5 Tips for Staying Warm and Dry While Hiking
By Michael Lanza
There are only three guarantees in life: death, taxes, and getting rained on when dayhiking or backpacking. As we all know, wet clothing conducts heat away from your body, making you colder. And simply donning rain shells may make you so warm that you sweat a lot, thus getting wet from the inside rather than the outside. Staying as dry as possible while on the trail or in camp is key to staying warm in the backcountry when the weather turns wet—especially in temperatures below around 60° F and in wind, which swiftly chills your body. Follow these tips for a much more comfortable and pleasant backcountry adventure—even when the weather doesn’t cooperate.
1. Carry an Umbrella
Seems obvious, doesn’t it? So why don’t more hikers and backpackers carry one when they expect rain (as my son demonstrates in the photo above, from Mount Rainier National Park, and my daughter in the photo below from Italy’s Dolomite Mountains)? A lightweight, backcountry umbrella can be very effective at keeping rain off you, as long as it’s not so windy that the umbrella keeps getting inverted or the wind snaps its arms.
Depending on the design of your pack, you might be able to tuck the umbrella shaft into side compression straps to position the umbrella’s canopy over your head, so you don’t have to actually hold it. For hiking and backpacking, I like the Sea to Summit Siliconized Cordura Trekking Umbrella ($45, 8.5 oz.), the Helinox Trekking Umbrella ($75, 7.5 oz.), the Davek Mini ($49, sub-1 lb.), or the MontBell Trekking Umbrella ($45, 5.3 oz.).
Stay dry, happy, and safe. See my “5 Pro Tips For Buying the Right Rain Jacket for the Backcountry”
and my review of “The 5 Best Rain Jackets for the Backcountry.”
2. Don’t Wear Pants
Rain pants, that is—unless you’re hiking in heavy rain and some combination of wind and temperatures cold enough that you need the waterproof-breathable pants for warmth as well as to stay dry.
In moderate rain and temps, a better choice is either soft-shell pants—which will eventually get wet in a hard rain, but also will dry fairly quickly on your body when you’re out of the rain (once it abates or you’re in a tent); or wear quick-drying shorts with either high or low gaiters to help keep your feet dry. (Low gaiters I like: the Outdoor Research Flex-Tex II.) When combining rain pants with gaiters, wear the pant cuffs over the gaiters, rather than gaiters over the pants, so water drains over rather than under the gaiters.
Be safe by hiking smarter. See my “7 Pro Tips For Keeping Your Backpacking Gear Dry.”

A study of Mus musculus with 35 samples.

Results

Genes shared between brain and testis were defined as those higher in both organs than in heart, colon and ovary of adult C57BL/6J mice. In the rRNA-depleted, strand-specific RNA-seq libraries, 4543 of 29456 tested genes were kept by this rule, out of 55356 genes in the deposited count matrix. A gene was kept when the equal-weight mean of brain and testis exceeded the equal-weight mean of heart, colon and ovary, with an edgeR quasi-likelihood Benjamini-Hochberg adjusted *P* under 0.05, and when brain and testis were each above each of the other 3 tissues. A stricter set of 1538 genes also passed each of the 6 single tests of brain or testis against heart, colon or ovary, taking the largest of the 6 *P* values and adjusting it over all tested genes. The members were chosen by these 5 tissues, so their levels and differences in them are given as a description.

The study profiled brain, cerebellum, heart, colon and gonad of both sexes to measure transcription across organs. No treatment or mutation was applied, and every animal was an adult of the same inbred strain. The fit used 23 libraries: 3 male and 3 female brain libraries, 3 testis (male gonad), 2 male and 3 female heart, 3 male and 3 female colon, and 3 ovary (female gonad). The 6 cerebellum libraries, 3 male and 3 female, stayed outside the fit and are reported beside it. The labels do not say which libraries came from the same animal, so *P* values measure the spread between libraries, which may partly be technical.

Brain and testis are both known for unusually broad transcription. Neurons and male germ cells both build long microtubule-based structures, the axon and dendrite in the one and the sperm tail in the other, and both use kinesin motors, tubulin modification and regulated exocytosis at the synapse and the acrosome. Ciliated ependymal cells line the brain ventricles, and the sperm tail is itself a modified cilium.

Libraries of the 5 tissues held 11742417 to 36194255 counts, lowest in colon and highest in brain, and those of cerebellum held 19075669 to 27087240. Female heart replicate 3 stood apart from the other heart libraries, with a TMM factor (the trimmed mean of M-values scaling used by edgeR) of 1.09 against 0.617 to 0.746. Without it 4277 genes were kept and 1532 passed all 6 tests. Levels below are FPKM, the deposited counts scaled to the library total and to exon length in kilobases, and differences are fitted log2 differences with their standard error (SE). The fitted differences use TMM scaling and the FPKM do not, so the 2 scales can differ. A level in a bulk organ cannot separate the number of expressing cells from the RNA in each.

3. Slow Down… or Speed Up
Besides your clothing, your pace dictates whether you’ll overheat. If you’re sweating under a rain jacket on a long uphill climb, slow down for several minutes as you near the top, so that instead of perspiring, your body’s producing just enough heat to dry the jacket on the inside; you’ll be more comfortable when it doesn’t feel clammy.
Similarly, 20 or 30 minutes before reaching camp, slow your pace to where you’re warm but not perspiring, to start drying your base layer and the inside of your jacket—which will make a difference in comfort and put you on the road to dry clothes once you’re in camp.
Once you reach camp, if the rain has tapered off or stopped, keep your wet rain jacket on while pitching your tent and setting up camp to let your body heat dry it. If the rain hasn’t stopped, once your tent is up, shake the water off your jacket as much as possible (under the protection of a tree if you can) before diving inside your shelter. Then either wear the jacket inside the tent to dry it, or try to drape it over your pack in the vestibule so that it starts to air dry; leaving it in a balled pile will guarantee that it stays wet.
Similarly, wear your damp T-shirt or jersey—as long as it doesn’t make you cold—to dry it before bedtime, so you’re not putting on wet layers the next morning. If the T-shirt I hiked in is only slightly damp, I’ll wear it over a dry, long-sleeve base layer—so that I’m warm with a dry layer against my skin while my body heat dries out the damp T-shirt.
Keep an extra set of base layers (T-shirt, long-sleeve top, bottoms) in a zip-lock plastic bag or waterproof stuff sack for changing into in camp and sleeping in. Don’t hike in that dry set of clothes.
Bonus Tip: Wet Bag, Way Bad
When you expect rain on a backpacking trip, keep your sleeping bag dry by either lining its stuff sack with a plastic trash bag or using a waterproof dry bag-style stuff sack with a roll-top closure. I have a variety of stuff sacks I use for that purpose; see them in my review of favorite backcountry accessories.